An assorted collection of modern-day poetry, poet Tamara Woods’ first collection “The Shaping of an ‘Angry’ Black Woman” teases the reader for more.
With its illusive title, one would conceive this collection to specifically revolve around the Black American understandings—but, this is more than that. Poetry book, “The Shaping of an ‘Angry’ Black Woman”, richly shows the complexities of humans (primarily women) and the misconceptions that journey along the way. Poems “The Child Who Never Was” and “Doctor’s Sensitivity” capture the silence, solitude, and sadness of not having a child; and whether one should question Faith. Woods opens the poem “The Child Who Never Was” with somberness, “I didn’t know I wanted you until I wasn’t sure if I could have you.” These poems exemplify the vulnerability that accompanies a woman’s existence.
Woods also challenges modern perceptions of race in “A Step Outside Your Box” by mentioning, “Blond hair gleams like a halo / When light shines on you. . . / He’s nicer, because he’s lighter.” And she tackles the not-so-subtle offensive comments heard such as, “What’s it like to fuck a Black woman?” only to respond, “Like being with an alien with better hair. . .”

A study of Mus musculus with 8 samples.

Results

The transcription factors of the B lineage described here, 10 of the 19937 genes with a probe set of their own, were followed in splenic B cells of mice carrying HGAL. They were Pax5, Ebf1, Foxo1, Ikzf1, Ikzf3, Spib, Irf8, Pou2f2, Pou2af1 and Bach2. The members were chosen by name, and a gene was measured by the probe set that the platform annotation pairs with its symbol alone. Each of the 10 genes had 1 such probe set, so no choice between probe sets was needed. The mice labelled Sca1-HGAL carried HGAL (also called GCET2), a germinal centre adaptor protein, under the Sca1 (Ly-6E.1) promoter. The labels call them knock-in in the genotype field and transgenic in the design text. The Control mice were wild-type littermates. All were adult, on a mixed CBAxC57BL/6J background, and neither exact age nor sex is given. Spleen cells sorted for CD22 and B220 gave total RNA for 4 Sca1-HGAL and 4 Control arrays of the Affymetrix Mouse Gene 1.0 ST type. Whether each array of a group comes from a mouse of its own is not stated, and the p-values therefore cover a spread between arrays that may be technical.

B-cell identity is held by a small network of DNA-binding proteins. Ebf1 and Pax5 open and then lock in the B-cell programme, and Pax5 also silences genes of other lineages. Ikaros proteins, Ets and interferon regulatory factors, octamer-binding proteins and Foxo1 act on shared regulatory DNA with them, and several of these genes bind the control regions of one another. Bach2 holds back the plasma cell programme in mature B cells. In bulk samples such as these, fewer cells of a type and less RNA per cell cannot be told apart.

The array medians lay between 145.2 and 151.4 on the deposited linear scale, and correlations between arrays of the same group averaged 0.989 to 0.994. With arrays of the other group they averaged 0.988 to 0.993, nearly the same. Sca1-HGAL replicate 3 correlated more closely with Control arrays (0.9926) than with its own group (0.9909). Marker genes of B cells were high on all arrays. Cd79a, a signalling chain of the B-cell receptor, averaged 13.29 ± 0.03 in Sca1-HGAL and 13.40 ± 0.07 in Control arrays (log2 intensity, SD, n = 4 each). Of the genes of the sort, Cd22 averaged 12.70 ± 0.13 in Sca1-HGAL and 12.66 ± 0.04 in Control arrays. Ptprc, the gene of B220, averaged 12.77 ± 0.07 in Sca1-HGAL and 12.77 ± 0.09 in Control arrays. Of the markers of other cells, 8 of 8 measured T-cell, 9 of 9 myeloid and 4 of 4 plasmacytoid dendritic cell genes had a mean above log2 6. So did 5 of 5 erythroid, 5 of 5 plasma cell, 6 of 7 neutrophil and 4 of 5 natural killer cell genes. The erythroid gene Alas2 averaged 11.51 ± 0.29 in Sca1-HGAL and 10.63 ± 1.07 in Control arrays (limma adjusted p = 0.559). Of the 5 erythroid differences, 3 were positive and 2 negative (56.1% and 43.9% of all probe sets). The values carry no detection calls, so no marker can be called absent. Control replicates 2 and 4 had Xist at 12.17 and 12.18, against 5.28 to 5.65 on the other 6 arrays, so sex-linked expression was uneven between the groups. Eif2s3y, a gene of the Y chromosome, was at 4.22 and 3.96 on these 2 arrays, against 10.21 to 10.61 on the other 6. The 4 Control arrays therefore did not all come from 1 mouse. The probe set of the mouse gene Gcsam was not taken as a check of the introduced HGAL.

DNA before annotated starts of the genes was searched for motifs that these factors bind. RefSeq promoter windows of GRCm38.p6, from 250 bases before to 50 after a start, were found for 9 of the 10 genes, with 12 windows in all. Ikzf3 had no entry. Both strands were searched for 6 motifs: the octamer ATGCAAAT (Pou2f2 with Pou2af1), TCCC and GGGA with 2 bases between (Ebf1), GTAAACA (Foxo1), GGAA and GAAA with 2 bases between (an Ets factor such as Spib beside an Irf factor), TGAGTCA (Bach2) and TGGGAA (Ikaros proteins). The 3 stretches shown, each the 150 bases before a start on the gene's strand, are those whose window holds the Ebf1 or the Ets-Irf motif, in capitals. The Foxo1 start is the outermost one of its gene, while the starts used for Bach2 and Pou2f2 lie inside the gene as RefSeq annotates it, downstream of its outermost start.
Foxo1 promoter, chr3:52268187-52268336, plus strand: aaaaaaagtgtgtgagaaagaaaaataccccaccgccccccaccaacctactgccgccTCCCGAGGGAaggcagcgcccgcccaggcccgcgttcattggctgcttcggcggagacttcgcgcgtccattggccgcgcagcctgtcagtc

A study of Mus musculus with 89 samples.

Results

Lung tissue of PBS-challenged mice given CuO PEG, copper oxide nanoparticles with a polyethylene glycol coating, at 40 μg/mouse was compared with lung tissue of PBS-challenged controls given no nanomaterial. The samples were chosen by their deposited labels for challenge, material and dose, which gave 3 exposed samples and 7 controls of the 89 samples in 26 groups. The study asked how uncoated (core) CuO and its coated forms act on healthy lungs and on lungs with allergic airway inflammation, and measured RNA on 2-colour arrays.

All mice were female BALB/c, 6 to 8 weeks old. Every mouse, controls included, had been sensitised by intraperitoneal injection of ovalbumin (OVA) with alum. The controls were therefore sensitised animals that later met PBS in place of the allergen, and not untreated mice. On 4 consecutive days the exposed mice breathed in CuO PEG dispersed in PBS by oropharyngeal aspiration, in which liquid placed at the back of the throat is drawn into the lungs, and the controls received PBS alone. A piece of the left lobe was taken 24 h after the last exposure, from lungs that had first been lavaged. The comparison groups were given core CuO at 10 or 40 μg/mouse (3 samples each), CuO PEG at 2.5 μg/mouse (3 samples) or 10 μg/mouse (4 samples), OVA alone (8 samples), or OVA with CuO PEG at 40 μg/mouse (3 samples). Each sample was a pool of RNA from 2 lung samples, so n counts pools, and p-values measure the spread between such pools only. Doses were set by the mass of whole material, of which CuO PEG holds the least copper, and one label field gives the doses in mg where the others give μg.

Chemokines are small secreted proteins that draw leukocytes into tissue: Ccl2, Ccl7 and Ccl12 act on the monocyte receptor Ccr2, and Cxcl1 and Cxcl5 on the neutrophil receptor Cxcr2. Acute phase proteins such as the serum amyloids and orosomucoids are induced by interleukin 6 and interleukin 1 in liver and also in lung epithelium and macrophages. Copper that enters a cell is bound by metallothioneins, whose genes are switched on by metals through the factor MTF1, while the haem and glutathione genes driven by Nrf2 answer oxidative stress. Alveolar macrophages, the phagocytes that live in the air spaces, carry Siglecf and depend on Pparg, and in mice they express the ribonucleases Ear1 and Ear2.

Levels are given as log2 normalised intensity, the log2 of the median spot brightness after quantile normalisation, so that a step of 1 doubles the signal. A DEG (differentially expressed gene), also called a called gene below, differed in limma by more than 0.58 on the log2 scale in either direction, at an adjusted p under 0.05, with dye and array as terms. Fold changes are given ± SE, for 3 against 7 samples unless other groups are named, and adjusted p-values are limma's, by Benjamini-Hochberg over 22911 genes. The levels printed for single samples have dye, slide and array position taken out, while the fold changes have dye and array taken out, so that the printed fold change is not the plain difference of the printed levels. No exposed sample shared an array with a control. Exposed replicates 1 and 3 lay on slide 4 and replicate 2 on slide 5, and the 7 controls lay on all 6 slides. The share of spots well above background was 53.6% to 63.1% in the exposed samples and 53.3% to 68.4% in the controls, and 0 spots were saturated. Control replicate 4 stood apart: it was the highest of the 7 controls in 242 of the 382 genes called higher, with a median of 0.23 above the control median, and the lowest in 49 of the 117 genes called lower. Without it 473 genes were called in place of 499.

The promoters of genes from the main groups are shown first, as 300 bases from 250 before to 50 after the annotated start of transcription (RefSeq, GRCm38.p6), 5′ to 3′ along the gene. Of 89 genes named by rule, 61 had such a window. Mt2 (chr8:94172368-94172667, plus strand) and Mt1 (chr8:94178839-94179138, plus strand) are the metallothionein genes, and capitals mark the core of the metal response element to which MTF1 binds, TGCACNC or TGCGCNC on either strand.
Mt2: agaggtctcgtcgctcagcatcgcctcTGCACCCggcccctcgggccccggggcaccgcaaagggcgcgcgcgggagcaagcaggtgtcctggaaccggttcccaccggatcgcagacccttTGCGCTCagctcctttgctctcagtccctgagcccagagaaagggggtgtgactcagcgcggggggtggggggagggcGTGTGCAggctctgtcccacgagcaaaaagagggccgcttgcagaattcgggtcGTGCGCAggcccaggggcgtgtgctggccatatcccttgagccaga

Many of the selections are exclusively calculated for spokenword, such as poem “An Ode to Hip Hop”—a rhythmic awakening of the portrayal of women in the hip hop culture with lines, “Your misogyny dripping from their chins. Shiny on their grins.”
With its extensive lines and fewer line breaks and minor editorial concerns, this collection is varied in style and substance and does not devalue the message and efforts of this collection.
Woods’ strength lies in the poems of womanhood and motherhood as I feel a collection from her around these specific topics is much needed to help women of all cultures during their daily struggles.